Study Explores Decision-making Abilities in Bipolar Disorder Patients

Increased activity in the prefrontal cortex and nucleus accumbens explained why bipolar disorder patients took larger gambling risks.

Increased activity in the prefrontal cortex (PFC) and nucleus accumbens explained why bipolar disorder patients took larger gambling risks, according to a study published July 9 in Brain.

By conducting functional magnetic resonance imaging (fMRI) on 20 bipolar disorder patients and 20 controls while they performed a roulette task, researchers at the University of Manchester (UOM) and University of Liverpool (ULIV) in the United Kingdom aimed to discern whether impaired decision-making in affected patients was associated with bipolar disorder.

To preserve the study’s integrity, researchers eliminated candidates who recently suffered from alcoholism and substance abuse or had taken antipsychotic medications.

The researchers discovered a distinction in how bipolar disorder and healthy patients process risks and goals. Participants with bipolar disorder experienced greater activity in their dorsolateral-PFC when making riskier bets, while it was the opposite for control patients, according to the investigators. Furthermore, they noted that bipolar subjects’ ventral striatum activity spiked when anticipating rewards.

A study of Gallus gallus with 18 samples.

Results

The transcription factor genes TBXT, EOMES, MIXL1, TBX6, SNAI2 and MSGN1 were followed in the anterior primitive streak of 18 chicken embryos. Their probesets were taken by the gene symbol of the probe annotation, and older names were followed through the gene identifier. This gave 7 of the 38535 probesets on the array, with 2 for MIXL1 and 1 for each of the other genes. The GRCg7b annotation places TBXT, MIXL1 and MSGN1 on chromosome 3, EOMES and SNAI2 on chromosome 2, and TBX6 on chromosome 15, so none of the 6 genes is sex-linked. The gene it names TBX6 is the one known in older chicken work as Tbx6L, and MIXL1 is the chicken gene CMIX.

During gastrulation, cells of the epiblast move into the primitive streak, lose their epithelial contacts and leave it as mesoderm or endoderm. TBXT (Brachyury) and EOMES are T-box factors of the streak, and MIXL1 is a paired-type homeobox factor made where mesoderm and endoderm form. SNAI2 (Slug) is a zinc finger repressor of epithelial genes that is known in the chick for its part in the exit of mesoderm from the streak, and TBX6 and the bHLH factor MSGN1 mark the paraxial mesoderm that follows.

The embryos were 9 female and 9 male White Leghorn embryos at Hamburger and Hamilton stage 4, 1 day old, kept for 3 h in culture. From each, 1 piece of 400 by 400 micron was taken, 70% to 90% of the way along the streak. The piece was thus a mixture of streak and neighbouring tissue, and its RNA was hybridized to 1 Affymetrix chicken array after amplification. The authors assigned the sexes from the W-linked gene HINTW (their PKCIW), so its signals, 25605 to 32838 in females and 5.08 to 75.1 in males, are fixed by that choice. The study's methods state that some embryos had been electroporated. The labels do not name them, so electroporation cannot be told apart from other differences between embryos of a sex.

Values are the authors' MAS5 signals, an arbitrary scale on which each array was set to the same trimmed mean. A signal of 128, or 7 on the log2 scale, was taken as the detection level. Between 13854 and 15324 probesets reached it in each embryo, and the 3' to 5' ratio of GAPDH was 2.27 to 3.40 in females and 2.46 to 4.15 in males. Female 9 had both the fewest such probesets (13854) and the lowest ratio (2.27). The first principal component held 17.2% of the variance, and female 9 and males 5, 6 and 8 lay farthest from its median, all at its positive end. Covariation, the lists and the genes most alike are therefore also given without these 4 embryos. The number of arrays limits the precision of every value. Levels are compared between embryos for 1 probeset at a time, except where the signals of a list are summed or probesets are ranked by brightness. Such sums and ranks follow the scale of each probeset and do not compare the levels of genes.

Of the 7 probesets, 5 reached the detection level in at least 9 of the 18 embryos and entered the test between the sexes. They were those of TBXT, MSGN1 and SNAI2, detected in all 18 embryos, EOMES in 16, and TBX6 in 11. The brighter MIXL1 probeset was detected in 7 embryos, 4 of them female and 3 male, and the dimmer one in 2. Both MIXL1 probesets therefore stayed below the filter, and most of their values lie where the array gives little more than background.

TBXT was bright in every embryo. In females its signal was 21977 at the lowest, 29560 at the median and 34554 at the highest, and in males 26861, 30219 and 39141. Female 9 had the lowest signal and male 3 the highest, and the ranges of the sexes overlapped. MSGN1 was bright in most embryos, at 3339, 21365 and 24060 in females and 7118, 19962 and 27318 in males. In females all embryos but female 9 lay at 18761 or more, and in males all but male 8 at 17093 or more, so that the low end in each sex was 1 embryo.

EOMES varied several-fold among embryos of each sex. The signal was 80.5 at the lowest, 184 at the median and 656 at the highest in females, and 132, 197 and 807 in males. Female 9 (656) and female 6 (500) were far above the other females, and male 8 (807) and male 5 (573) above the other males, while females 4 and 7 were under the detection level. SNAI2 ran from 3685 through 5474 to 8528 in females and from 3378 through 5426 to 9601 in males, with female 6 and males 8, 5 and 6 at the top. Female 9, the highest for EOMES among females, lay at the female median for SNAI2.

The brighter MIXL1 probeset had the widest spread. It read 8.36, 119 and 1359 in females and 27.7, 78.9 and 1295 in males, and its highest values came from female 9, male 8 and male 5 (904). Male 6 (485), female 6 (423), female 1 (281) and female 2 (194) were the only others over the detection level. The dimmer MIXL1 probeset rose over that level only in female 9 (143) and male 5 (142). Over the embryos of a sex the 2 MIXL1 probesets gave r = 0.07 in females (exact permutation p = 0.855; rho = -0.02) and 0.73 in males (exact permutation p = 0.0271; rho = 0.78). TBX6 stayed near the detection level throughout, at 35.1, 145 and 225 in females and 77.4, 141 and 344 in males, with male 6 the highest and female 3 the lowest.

According to a UOM release, the findings indicated the relevance of the “pleasure center” in nucleus accumbens, which is responsible for reflexively seeking rewards prior to conscious thought. However, for bipolar patients, the nucleus accumbens is considerably more active than in healthy individuals.

“The greater buzz that people with bipolar disorder get from reward is a double-edged sword,” Wael El-Deredy, professor at UOM’s School of Psychological Sciences and contributor to the study said in a statement. “On the one hand, it helps people strive towards their goals and ambitions, which may contribute to the success enjoyed by many people with this diagnosis. However, it comes at a cost: these same people may be swayed more by immediate rewards when making decisions and less by the long-term consequences of these actions.”

In light of their findings, the investigators claimed their results could help understand bipolar disorder and other impulsivity disorders and provide appropriate treatment.

“These markers may be useful in evaluating both kinds of interventions,” the authors concluded. “In particular, interventions that bolster dorsolateral PFC-mediated cognitive control may be an important direction for future research.”